Crying game: Teary trend for world’s leaders9:55 am | November 9, 2012
By GREGORY KATZ , Associated Press
It seems out of place: The president of the United States breaking down in tears as he thanked campaign workers for their tireless work for his re-election.
But Barack Obama isn’t the only world leader unashamed to be seen crying in public — or simply unable to avoid it. Attitudes seem to have changed since the early 1970s, when an alleged crying incident during the presidential primary season went a long way toward derailing the candidacy of a Maine senator.
The teary trend has picked up speed in recent years, or perhaps it has just been noticed more often because of ubiquitous TV, still and cellphone cameras. Here are some recent examples:
• Victorious in his re-election campaign, Obama cried while giving a speech to his campaign staff and volunteers. He told the gathered young people there was no limit to what they could accomplish. The speech touched on his start as a community organizer in Chicago and reflected his faith that his young volunteers and staff would accomplish great things in the decades to come.
It was an emotional side of Obama that had rarely been visible during the long, often negative, campaign.
• As Speaker of the House, Republican John Boehner holds one of the most powerful positions in the U.S. government — and he cries so frequently that Twitter jokesters have taken to calling him the weeper of the house. He tears up easily, particularly when talking about the American dream.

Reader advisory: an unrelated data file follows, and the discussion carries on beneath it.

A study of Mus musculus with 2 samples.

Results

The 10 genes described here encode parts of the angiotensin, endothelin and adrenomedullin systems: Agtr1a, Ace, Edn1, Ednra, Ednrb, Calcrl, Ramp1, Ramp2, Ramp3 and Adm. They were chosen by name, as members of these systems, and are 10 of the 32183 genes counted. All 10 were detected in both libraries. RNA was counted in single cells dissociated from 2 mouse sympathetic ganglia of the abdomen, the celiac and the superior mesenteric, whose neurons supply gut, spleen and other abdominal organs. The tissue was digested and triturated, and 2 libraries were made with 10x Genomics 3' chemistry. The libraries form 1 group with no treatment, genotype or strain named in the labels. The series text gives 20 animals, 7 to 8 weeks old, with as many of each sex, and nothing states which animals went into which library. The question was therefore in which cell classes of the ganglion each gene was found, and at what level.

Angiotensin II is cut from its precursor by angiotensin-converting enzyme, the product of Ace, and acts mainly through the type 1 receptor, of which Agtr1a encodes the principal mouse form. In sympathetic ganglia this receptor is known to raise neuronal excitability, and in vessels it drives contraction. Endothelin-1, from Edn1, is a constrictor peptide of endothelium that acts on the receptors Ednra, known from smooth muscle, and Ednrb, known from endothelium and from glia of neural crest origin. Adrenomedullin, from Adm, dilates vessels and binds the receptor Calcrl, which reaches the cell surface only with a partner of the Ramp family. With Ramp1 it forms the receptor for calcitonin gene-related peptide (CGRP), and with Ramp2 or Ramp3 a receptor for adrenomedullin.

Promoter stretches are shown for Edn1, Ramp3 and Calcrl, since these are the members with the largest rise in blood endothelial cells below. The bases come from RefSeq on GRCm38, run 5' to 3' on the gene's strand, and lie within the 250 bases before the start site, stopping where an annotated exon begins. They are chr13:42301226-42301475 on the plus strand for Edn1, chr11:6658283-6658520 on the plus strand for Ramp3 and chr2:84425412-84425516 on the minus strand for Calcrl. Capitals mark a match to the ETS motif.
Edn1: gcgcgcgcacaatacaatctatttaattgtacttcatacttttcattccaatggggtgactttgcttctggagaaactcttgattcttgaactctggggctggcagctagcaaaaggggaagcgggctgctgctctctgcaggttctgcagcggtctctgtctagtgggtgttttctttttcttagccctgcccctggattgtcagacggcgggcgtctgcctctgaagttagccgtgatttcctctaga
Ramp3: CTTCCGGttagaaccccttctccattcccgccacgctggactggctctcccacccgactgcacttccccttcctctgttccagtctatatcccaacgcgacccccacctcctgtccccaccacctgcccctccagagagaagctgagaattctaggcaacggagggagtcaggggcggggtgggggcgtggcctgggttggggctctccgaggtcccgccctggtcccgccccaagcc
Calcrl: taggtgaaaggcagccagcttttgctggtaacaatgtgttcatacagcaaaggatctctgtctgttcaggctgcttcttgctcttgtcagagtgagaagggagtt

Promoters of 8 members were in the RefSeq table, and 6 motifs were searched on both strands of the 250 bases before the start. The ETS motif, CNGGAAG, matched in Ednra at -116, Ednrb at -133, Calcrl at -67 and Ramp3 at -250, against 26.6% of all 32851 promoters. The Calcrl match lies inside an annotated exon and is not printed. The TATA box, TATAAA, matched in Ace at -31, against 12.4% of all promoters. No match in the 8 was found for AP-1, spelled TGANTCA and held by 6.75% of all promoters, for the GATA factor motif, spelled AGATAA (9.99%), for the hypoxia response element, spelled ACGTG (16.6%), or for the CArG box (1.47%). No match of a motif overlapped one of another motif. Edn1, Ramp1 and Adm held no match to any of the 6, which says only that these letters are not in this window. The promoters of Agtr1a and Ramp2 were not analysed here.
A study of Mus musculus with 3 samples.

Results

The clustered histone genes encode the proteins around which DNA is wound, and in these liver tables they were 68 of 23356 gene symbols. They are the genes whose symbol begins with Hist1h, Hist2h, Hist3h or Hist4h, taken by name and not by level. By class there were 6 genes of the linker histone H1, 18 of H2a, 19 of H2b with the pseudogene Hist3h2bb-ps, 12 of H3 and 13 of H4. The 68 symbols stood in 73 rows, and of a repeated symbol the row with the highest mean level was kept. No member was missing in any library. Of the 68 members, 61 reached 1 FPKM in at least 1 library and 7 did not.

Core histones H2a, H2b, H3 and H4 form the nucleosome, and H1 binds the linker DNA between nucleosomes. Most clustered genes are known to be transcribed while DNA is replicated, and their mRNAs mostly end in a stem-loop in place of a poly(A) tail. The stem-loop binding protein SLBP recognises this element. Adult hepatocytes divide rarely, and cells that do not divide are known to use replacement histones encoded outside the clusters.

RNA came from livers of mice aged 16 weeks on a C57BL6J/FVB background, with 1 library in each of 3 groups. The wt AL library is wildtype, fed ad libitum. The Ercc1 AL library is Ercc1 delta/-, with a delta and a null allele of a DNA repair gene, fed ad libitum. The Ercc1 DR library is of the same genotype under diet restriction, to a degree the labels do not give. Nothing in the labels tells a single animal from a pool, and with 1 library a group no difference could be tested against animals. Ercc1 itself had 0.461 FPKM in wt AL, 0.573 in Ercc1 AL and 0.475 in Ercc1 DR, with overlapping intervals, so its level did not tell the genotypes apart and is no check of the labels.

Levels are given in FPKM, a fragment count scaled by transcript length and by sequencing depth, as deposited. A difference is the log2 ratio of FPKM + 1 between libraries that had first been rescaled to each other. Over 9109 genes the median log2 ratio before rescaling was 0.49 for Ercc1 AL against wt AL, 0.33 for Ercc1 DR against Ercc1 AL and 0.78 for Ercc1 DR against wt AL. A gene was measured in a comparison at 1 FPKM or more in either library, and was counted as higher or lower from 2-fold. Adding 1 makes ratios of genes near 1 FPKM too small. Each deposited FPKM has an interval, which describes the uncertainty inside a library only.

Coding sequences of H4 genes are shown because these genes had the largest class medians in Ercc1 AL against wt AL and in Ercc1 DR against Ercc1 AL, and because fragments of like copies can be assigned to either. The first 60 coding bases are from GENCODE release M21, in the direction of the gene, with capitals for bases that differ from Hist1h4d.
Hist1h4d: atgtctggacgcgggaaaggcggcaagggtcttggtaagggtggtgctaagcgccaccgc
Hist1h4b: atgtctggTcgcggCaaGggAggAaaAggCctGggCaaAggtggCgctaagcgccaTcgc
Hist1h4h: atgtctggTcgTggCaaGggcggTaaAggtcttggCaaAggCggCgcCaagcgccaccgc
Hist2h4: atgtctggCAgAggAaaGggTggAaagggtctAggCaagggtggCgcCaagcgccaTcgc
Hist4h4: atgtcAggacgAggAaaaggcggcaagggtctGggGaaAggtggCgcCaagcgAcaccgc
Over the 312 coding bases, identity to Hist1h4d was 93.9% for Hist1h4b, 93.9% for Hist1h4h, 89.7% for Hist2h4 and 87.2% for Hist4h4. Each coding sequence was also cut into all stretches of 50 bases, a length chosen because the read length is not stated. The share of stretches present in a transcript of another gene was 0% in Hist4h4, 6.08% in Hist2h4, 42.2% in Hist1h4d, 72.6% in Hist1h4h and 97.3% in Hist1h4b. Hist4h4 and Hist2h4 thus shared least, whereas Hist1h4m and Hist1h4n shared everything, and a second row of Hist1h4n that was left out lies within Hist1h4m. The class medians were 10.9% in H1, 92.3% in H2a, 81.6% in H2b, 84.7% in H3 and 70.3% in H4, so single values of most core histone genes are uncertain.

He’s been known to cry at school events or when fielding questions from constituents or when talking about his family. A well-watched YouTube clip captures him choking up with tears when talking about the need to combat terrorism and provide safety and security for Americans.
• Russian President Vladimir Putin is a judo fan and hunting aficionado known in part for his physical fitness. But that didn’t stop him from welling up in March after he was returned to power in a difficult election battle marred by public protests. It was a break with Kremlin tradition in a country where leaders are rarely seen to show emotions.
A defiant Putin proclaimed that he and his followers had beaten back opponents determined to destroy Russia’s statehood and usurp power.
• Maine Sen. Edmund Muskie was a front-runner in the race for the 1972 Democratic presidential nomination until he appeared to break down while defending his wife from an attack by an influential New Hampshire newspaper.
Muskie always claimed it was snowflakes, not tears, but the damage had been done. His supposed crying was perceived as a show of weakness and instability, and his campaign never recovered.